The Dutch far-right politician Geert Wilders has called the Quran a "fascist book" that ought to be banned. He has referred to the Prophet Mohammed as "the devil," and said all Muslim immigration to the Netherlands should be stopped and immigrants currently there should be paid to leave. He's said women who wear the hijab should have to pay a tax and if Muslims continue immigrating, it would mean the end "European and Dutch civilization as we know it."
"Take a walk down the street and see where this is going," he once said. "You no longer feel like you are living in your own country. There is a battle going on and we have to defend ourselves. Before you know it there will be more mosques than churches."
Today, Wilders scored a PR victory when he was acquitted on charges of inciting racial hatred. "The good news is it's legal to be critical about Islam. And this is something we need, because the Islamization of our societies is a major problem and a threat to our freedom," he told reporters in the courthouse lobby following the verdict.
Wilders's acquittal may have attracted headlines, but the truth is that the social and political ground have been shifting in the supposedly tolerant society for years. Last year, Wilders's Party for Freedom won 15 percent of the vote in national elections, making it the third largest in parliament. And his ideas are slowly creeping into mainstream politics: The Netherlands has some of the strictest immigration laws in Europe, and has banned face-covering attire like the niqab.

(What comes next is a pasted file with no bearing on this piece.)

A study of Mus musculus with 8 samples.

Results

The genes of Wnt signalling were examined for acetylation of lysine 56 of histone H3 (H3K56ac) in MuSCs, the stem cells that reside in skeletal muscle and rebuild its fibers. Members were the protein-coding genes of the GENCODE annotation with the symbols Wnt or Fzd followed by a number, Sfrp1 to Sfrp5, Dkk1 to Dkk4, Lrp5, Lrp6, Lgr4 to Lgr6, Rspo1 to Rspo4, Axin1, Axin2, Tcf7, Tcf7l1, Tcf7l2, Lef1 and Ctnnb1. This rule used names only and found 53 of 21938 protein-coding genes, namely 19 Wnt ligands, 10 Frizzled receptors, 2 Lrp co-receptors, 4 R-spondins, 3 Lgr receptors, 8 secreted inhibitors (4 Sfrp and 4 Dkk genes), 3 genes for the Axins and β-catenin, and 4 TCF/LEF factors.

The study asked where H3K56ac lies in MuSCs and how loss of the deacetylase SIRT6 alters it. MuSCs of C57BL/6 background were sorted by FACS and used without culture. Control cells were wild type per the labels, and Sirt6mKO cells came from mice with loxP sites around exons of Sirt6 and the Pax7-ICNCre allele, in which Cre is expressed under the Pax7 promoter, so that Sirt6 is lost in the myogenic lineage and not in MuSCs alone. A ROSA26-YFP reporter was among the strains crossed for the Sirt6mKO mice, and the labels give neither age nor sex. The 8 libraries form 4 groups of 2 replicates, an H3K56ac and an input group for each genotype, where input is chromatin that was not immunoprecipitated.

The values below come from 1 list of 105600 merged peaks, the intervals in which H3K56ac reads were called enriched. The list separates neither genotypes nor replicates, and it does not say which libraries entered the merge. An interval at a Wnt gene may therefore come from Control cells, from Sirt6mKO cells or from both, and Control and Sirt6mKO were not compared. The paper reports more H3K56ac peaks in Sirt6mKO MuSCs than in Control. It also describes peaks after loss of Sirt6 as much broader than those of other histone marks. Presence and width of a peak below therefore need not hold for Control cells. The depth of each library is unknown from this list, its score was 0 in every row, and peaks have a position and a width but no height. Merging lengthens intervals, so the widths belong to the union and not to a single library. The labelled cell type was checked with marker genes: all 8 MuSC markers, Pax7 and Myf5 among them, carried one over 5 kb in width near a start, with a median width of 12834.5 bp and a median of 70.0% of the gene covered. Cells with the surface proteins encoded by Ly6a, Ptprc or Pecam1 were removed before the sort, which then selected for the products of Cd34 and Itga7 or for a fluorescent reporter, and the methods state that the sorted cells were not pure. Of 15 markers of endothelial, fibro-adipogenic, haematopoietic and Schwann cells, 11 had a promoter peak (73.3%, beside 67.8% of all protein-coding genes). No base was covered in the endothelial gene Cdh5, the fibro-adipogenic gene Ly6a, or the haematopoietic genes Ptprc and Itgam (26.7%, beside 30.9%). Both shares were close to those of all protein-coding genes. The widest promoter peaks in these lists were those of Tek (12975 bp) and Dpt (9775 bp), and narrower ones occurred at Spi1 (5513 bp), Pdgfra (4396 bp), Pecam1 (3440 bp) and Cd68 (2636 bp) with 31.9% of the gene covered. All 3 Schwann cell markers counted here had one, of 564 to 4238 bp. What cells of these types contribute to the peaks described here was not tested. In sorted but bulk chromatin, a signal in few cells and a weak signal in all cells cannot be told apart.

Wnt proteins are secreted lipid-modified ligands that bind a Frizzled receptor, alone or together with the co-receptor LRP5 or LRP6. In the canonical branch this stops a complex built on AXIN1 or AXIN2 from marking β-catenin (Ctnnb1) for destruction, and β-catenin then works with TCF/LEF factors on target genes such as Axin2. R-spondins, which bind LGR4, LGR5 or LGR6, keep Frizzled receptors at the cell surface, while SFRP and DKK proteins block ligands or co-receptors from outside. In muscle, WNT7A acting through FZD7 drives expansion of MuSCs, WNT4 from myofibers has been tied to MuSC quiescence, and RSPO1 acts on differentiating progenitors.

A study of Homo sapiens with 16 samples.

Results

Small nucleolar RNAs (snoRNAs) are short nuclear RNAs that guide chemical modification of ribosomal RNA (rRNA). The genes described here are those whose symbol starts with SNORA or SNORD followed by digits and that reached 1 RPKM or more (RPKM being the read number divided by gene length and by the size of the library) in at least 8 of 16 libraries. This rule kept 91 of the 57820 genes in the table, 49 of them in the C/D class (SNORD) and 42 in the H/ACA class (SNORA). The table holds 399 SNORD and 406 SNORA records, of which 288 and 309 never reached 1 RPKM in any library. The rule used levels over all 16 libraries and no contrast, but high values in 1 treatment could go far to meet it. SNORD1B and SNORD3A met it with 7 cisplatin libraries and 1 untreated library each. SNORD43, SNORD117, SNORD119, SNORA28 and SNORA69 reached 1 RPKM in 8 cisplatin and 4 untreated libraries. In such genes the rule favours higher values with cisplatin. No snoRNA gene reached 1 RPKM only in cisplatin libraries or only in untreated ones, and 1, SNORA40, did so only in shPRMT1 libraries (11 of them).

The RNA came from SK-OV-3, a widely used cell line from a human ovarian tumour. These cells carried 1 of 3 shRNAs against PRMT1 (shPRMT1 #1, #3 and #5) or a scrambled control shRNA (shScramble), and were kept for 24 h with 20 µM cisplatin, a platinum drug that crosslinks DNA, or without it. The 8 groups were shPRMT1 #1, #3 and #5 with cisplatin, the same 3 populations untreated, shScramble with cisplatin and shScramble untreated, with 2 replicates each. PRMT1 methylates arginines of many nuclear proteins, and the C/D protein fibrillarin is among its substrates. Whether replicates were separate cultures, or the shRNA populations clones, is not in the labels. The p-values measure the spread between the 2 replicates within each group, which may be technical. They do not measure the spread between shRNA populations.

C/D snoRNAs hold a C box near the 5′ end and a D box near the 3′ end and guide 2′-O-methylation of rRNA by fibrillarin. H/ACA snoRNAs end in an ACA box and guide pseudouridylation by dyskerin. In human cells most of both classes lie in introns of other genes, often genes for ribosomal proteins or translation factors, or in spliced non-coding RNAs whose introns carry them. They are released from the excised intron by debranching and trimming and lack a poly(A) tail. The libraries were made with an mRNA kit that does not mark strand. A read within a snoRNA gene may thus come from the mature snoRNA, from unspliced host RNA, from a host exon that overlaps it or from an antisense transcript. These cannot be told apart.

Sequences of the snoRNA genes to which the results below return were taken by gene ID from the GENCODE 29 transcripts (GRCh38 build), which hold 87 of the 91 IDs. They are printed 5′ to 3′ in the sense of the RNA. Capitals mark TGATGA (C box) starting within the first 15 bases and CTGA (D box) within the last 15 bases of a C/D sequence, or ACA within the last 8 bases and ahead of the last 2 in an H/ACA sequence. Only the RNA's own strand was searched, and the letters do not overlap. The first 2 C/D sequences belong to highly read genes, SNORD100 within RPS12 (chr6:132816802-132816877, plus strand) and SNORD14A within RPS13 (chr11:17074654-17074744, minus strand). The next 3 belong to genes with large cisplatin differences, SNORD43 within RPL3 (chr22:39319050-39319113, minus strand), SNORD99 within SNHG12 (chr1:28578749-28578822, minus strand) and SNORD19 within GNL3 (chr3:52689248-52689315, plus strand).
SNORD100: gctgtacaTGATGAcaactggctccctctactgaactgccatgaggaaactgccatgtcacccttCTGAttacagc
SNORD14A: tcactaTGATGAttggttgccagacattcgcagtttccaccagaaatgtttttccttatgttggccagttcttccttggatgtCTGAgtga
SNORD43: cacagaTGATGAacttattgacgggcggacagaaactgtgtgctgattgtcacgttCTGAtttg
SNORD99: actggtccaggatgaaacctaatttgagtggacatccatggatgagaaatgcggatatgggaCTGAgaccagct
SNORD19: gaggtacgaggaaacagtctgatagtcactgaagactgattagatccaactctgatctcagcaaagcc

The current government depends on Wilders and his party to remain in power. Though not formally part of government, they are at the very least a silent partner. Without their votes, the minority-government wouldn't be able to pass its legislation.
There's a tolerance for nudity and sex," said Holli Semetko, vice provost for international affairs at Emory University, who lived in Amsterdam and studied public opinion there from 1995 until 2003. But tolerance, she said, does not extend to religious communities who might be offended by some of the fleshier aspects of society, and certainly not to immigrants.
"There is a general tendency I observed there to create a fear on immigration issues -- using ‘what-if' scenarios," she said.
Wilders's judge today said that while some of his statements were "crude and denigrating," they were nevertheless protected speech. But the decision might widen the scope of the debate on multiculturalism in Dutch society, and embolden Wilders to take his anti-Islam and anti-immigration crusade further.
"I'm concerned that today's news will be seen as public intolerance being given a pat on the back from a judge, which will only encourage more stereotyping," Semetko said.